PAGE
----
Your Children & Internet Safety
The Newark Police Department is committed to protecting children online. Here are some questions to ask yourself when it comes to internet safety and your child.
Does your child spend large amounts of time online, especially at night?
Most children that fall victim to computer-sex offenders spend a lot of time online, particularly in chat rooms. With more parents working outside the home, many kids are unsupervised after school and during the evening. Kids like to go online to chat with friends and pass time. Many offenders work during the day and spend their time online in the evenings trying to locate and lure vulnerable children.
What happens if I find pornography on my child's computer?
Pornography is often used in the victimization of children. Supplying children with pornographic pictures serves as a means of opening discussions and for seduction. Child pornography may be used to show the child sex between children and adults is normal. Be conscious of the fact that a child may hide the pornographic files on disks, especially if the computer is used by other family members.
Does your child turn the monitor off or quickly change the screen when someone enters the room?
A child looking at pornographic images or having sexually explicit conversations online does not want you to see it on the screen.
Has your child become withdrawn from the family?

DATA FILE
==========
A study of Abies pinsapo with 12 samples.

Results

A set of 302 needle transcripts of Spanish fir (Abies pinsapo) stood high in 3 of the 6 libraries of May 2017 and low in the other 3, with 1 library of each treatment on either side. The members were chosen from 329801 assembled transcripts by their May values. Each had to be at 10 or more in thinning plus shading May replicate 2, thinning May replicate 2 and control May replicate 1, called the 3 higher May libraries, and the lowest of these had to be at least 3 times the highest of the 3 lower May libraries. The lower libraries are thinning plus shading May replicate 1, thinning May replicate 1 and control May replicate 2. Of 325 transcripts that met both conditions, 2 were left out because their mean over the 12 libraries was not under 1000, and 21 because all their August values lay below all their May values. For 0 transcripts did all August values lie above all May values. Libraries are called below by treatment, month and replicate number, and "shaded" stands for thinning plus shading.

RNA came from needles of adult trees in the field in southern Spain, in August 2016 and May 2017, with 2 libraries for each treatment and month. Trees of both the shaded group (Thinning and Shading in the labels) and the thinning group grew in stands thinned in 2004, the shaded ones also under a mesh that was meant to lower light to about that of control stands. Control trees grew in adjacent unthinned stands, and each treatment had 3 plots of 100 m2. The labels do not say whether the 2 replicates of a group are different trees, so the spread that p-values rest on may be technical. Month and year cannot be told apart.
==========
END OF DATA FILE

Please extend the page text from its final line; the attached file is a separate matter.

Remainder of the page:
Computer-sex offenders will work diligently to drive a wedge between a child and his family in order to exploit the relationship. The offender will focus on any minor problems the child may be having at home. Children often become withdrawn after sexual victimization.
Is your child using an online account belonging to someone else?
Even if you don't subscribe to an online service your child may meet an offender while online somewhere else. Most computers are preloaded with online and/or Internet software. Some computer-sex offenders will provide potential victims with a computer account for communications only with them.
Minimize the Chances of Someone Exploiting Your Child Online
- Consider subscribing to features like Caller ID and Call Blocking to identify incoming calls and deter unwanted calls from reaching your child.
- Consider talking openly with your child about your suspicions. Warn them about the dangers of computer-sex offenders.
- Find out what computer safeguards are used by your child's school, the public library, and the homes of your child's friends. These are all places, outside your supervision, where your child could encounter an online predator.
- Keep the computer in a common room in the house, not in your child's bedroom.
- Monitor your child's access to all types of live electronic communications - chat rooms, instant messages, Internet Relay Chat, etc. and monitor your child's email. Computer sex offenders almost always meet their victims in chat rooms, and continue the relationship via email.
- Periodically review what is on your child's computer. If you don't know how, enlist the help of a friend, coworker, or other knowledgeable person.
- Spend time with your children online. Have them teach you about their favorite online destinations.
- Utilize parental controls provided by your service provider and/or blocking software.
For more information regarding the Newark Police Department's crime prevention services, contact the Crime Prevention Officer.